What did Back to the Future get right or wrong? Doesn’t matter.

Don’t look ‘Back to the Future’ in anger. Focusing on what the movie did and didn’t get wrong about 2015 is a disservice to science-fiction.

(Photo by Snap Stills/REX Shutterstock)

(Photo by Snap Stills/REX Shutterstock)

On April 21, 2011, the Earth’s skies did not darken with flocks of glinting, evil cyborgs. In Los Angeles, murders have continued apace even after Sept. 25, 2010. And we have been safe from the menacing tune of Daisy, Daisy a full 18 years after the world was supposed to welcome a sentient red-eyed robot into our midst.

All this to say: Happy Back to the Future Day!

There’s much exhortation about Oct. 21, 2015. It’s the date that Marty McFly and Doc Brown punched into their rickety DeLorean time machine in the zany Back to the Future II. And it’s become, as is expected in our nostalgia-plumbing times, a branding exercise; look no further than Christopher Lloyd’s meandering paean to progress, meant to hawk the Blu-Ray version of the DVD, or Michael J. Fox’s pitch for Nike’s self-lacing shoes, or the actors driving a trash-fuelled car (sponsored by Toyota) or by the U.S. and U.K. governments getting in on the fun. Every media outlet has followed suit, festooned with lists of what the movie did and didn’t get right about our modern time.

Now, it’s hard to begrudge fun, or even branding exercises, no matter how mawkish. And there is some pleasure to take in yardstick-measuring; our hoverboard progress has come a long way, for instance. But it highlights a problem with our cultural passion for celebrating the past: By focusing on these minor novelties, we lose the artfulness of what made those movies great, and ignore the urgency of what they say about the present.

The dates above—representing the day Skynet launched its judgment day in Terminator 2, the day of the last murder in the world in Demolition Man, and the birthday of 2001: A Space Odyssey‘s HAL 3000 in a lab in Urbana, Ill., respectively—have come and gone, albeit none with the fervour we’re seeing today. They’re examples of how burrowing into the dates as a kind of novelty can pave over the beauty and the potential of a well-crafted science-fiction movie, a genre that doesn’t often receive a lot of mainstream love, but can, at their best, reflect the ills of current society in a way few others can. We do not watch the 1927 classic Metropolis, for instance, to see whether it was right about whether the world’s population lives in a fraught Tower of Babel; we watch it because it’s a stirring ode to the modern human spirit. On the other end of that spectrum, there’s the gleaming blockbuster-y District 9, from South African director Neill Blomkamp, the story of humanity’s confinement of aliens who arrived on this planet emaciated and desperate for help. But harping on the date the humans began to oppress these so-called “prawns” would bludgeon the point, which is to highlight our existing xenophobia, which all happened even without an alien threat. Science fiction, in setting itself in the future, tells us much more about the present, and that should be enough.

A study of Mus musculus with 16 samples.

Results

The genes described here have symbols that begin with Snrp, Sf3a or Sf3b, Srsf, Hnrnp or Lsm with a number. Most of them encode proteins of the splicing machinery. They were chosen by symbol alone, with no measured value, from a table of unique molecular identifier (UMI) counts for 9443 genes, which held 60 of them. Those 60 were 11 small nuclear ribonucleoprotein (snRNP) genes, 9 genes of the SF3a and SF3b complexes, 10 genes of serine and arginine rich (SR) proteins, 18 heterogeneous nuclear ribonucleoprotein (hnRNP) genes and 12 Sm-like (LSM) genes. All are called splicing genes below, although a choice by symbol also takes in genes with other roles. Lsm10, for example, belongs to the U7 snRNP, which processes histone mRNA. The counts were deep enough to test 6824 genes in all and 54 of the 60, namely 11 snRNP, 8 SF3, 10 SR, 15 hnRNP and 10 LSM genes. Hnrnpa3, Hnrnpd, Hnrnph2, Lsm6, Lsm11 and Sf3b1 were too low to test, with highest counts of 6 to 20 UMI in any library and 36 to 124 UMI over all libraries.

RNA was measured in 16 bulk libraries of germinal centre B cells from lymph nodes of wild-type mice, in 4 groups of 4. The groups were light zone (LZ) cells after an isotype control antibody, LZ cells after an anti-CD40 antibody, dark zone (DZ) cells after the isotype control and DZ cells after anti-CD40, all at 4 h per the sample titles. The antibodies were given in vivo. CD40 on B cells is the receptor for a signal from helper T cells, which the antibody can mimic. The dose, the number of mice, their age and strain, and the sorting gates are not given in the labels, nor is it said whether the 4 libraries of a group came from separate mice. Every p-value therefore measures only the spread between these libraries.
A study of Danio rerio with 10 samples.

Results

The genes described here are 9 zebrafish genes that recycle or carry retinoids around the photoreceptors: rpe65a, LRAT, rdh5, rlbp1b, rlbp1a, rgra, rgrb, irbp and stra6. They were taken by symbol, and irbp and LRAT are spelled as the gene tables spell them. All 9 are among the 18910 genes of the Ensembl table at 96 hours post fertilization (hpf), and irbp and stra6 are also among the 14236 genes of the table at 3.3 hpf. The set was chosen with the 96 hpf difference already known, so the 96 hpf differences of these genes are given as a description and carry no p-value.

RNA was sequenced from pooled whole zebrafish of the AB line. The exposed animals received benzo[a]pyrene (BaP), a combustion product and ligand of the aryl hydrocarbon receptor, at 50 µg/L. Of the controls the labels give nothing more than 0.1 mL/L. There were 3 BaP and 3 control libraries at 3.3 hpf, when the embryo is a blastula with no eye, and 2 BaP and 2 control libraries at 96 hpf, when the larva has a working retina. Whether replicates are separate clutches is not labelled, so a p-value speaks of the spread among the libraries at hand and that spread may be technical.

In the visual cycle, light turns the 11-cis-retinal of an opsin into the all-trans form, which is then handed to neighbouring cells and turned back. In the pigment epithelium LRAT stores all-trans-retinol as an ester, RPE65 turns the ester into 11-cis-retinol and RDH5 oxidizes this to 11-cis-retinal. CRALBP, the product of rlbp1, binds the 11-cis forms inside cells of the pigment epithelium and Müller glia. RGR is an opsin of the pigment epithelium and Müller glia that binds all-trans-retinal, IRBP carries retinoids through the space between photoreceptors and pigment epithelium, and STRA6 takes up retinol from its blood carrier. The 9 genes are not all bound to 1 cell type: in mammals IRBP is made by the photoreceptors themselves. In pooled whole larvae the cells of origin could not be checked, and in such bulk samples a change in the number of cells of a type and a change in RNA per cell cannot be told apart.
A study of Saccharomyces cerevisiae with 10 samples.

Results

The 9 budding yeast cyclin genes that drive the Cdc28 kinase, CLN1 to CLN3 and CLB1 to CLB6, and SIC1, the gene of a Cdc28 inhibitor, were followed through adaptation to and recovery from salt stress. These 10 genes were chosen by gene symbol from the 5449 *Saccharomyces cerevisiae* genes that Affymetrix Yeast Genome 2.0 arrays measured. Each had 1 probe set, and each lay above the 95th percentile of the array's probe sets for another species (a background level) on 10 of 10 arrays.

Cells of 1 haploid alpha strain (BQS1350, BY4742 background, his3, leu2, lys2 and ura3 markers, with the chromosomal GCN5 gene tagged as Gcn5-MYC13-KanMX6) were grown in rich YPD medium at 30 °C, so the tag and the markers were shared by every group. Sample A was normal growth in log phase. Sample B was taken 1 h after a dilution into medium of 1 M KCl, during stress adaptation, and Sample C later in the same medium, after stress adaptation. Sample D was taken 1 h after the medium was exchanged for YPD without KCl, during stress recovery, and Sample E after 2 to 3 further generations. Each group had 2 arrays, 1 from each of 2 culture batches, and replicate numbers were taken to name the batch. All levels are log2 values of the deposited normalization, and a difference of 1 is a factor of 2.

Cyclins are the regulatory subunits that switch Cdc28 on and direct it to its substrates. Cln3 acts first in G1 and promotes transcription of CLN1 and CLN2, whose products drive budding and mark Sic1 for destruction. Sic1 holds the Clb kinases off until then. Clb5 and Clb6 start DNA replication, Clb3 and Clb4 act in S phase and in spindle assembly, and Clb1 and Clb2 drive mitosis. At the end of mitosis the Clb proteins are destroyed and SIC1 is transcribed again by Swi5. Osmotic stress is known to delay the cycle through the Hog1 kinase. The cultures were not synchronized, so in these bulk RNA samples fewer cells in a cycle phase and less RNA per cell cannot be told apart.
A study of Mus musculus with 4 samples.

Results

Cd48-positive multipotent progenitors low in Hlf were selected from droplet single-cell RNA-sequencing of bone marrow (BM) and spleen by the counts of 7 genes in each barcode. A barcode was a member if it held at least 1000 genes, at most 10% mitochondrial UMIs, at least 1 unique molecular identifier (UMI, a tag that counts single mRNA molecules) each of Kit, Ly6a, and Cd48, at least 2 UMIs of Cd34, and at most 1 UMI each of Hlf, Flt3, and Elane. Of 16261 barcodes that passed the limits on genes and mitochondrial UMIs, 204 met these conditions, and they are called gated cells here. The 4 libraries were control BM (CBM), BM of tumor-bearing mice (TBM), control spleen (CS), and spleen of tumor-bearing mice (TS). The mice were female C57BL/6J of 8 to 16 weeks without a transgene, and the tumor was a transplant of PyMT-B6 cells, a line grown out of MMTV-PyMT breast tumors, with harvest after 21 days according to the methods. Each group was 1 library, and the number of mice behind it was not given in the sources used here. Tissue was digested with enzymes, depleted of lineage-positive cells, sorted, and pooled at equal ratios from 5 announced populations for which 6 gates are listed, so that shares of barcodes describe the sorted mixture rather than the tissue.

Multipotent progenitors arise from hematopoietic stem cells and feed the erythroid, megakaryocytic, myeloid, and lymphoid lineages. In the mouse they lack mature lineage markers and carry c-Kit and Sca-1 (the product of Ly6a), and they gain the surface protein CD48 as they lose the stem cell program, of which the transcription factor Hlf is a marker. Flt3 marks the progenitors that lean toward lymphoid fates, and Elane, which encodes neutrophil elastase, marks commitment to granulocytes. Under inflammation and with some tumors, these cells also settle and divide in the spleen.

Our obsession with what these movies got right and wrong, too, is a bit sad; it comes off as the equivalent of a less-recognized city with a self-esteem problem celebrating a quick snatch of acknowledgement. (Torontonians know this feeling well.) The future is the exciting, thrilling unknowable; how could the present possibly measure up? The answer will always disappoint.

This is normal. It’s human nature to crave progress. Comparing ourselves, even if it’s to films made by us in the creaky past, can be a useful exercise to see how far we’ve come. And science fiction can be useful carrots to stimulate real-life advances: Jules Verne spurred Simon Lake’s submarine. Motorola was inspired by Star Trek‘s communicator devices in creating the modern cellphone. Leo Szilard read H.G. Wells’ The World Set Free, a novel about a wild future of atomic energy, and conceived the nuclear chain reaction and co-patented the first nuclear reactor; inspired by the same story’s disastrous tones, he would also advocate for arms control.

But focusing on the details in science fiction just misses the forest for the robot trees. It’s not about what it got right or wrong; it’s about the present we’re in, and the art we’re making in it. Science fiction isn’t predictive, it’s reflective. In fact, it’s exactly what Back to the Future is all about. “No one,” intones the wild-haired Doc, “should know too much about their future.”